Studies on control of granulopoiesis in man. I. Relationship of leukocyte colony stimulating activity in vitro to neutrophil count in vivo

P. R. Galbraith, Hal Broxmeyer


The relationship of leukocyte colony stimulating activity (CSA) in vitro to neutrophil count in vivo was examined. Using a standard two layer system, cultures of 106 leukocytes were assayed for their ability to stimulate colony formation by human bone marrow colony forming cells. The total leukocyte CSA per ml (TLCSA) of blood varied directly with the blood neutrophil count in a group of patients with a wide range in blood neutrophil count, and in two patients recovering from neutropenia in whom serial observations were made. In the latter two patients the rise in TLCSA did not antedate the rise in blood neutrophil count, suggesting that blood leukocyte colony stimulating factor (CSF) per se probably has little biologic significance. However, release into the circulation of cells which generate CSF could be an important way of controlling the amount of CSF acting within the marrow. In one patient the CSA of dialyzed serum increased after the rise in TLCSA, while undialyzed serum contained no CSA.

Original languageEnglish (US)
Pages (from-to)141-144
Number of pages4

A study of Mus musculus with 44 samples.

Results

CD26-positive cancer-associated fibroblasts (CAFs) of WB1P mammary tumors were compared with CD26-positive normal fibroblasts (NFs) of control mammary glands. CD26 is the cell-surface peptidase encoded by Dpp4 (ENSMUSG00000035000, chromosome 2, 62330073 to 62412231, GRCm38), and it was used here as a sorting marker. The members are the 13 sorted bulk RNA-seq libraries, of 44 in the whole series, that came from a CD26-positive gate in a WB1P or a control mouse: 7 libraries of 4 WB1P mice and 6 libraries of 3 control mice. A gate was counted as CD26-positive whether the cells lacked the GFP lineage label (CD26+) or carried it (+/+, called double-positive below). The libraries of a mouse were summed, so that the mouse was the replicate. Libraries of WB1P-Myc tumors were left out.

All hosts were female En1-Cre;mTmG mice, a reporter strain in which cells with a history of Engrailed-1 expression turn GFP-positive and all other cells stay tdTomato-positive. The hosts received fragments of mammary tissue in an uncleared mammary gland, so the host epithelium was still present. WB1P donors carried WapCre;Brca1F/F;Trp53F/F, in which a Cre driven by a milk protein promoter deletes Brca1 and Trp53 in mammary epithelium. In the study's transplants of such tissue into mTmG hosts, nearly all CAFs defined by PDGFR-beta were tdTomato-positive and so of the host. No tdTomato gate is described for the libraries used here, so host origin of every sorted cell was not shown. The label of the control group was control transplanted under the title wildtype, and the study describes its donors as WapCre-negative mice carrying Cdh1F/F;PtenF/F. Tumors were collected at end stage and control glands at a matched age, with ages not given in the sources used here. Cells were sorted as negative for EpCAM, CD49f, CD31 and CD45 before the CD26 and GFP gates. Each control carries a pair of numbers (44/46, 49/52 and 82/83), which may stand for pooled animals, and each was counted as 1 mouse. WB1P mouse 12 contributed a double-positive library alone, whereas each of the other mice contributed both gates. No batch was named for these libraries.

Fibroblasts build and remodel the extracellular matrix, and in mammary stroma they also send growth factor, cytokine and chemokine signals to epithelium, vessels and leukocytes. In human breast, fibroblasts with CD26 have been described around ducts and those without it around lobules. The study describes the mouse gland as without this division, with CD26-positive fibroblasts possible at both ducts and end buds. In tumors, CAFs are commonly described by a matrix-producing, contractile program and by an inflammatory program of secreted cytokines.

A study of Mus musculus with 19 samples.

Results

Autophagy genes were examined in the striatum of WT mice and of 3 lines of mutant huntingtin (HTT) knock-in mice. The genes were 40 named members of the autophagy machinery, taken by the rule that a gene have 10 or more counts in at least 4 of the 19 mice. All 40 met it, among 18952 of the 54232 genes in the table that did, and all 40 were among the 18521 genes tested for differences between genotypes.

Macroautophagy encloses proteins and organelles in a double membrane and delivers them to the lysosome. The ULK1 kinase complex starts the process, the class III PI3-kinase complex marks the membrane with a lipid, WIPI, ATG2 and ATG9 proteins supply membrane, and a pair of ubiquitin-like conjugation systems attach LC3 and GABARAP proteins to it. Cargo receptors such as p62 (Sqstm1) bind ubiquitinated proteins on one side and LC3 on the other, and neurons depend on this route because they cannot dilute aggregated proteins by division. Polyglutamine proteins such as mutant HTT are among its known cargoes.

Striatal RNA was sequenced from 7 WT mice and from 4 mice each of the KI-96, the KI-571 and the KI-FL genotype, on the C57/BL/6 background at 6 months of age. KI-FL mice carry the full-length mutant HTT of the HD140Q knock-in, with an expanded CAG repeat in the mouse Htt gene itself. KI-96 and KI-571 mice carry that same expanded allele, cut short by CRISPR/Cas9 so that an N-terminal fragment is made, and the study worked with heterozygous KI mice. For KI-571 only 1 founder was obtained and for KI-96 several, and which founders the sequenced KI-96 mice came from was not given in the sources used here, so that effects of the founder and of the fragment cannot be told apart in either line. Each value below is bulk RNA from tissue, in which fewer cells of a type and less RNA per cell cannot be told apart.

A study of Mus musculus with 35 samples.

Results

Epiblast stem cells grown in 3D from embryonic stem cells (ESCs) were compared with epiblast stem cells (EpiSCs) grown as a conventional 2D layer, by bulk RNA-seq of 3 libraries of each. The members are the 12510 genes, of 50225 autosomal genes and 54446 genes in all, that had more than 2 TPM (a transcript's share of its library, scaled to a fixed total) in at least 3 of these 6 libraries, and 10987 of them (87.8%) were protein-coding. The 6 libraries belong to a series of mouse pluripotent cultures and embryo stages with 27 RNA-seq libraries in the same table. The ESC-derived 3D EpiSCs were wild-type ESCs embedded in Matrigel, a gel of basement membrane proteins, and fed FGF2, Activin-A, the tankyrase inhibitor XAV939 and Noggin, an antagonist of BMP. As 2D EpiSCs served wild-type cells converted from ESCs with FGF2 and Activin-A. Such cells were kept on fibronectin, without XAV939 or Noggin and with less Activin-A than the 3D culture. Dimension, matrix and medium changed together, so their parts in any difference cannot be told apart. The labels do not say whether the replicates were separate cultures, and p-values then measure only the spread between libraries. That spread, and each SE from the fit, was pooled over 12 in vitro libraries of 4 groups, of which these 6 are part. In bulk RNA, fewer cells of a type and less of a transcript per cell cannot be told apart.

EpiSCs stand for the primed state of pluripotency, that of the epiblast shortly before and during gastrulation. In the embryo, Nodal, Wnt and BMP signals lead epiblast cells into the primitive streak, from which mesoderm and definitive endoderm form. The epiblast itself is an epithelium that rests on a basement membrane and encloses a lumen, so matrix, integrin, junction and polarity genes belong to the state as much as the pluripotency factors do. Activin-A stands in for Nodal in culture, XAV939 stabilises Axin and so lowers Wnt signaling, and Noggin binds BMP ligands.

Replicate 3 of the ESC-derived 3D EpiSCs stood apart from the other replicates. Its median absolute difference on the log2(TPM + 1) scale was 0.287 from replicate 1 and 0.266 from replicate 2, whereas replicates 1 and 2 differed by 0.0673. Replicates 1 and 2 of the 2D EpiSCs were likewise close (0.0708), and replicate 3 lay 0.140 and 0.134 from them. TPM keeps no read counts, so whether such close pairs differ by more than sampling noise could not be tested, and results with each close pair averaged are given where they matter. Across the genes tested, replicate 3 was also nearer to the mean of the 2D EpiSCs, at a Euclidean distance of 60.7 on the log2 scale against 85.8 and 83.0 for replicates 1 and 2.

JournalCanadian Medical Association Journal
Volume111
Issue number2
StatePublished - 1974
Externally publishedYes

Leukocytes
Colony-Stimulating Factors
Bone Marrow
Neutropenia
Serum
In Vitro Techniques

ASJC Scopus subject areas

  • Medicine(all)

Cite this


AU - Galbraith, P. R.

AU - Broxmeyer, Hal


AB - The relationship of leukocyte colony stimulating activity (CSA) in vitro to neutrophil count in vivo was examined. Using a standard two layer system, cultures of 106 leukocytes were assayed for their ability to stimulate colony formation by human bone marrow colony forming cells. The total leukocyte CSA per ml (TLCSA) of blood varied directly with the blood neutrophil count in a group of patients with a wide range in blood neutrophil count, and in two patients recovering from neutropenia in whom serial observations were made. In the latter two patients the rise in TLCSA did not antedate the rise in blood neutrophil count, suggesting that blood leukocyte colony stimulating factor (CSF) per se probably has little biologic significance. However, release into the circulation of cells which generate CSF could be an important way of controlling the amount of CSF acting within the marrow. In one patient the CSA of dialyzed serum increased after the rise in TLCSA, while undialyzed serum contained no CSA.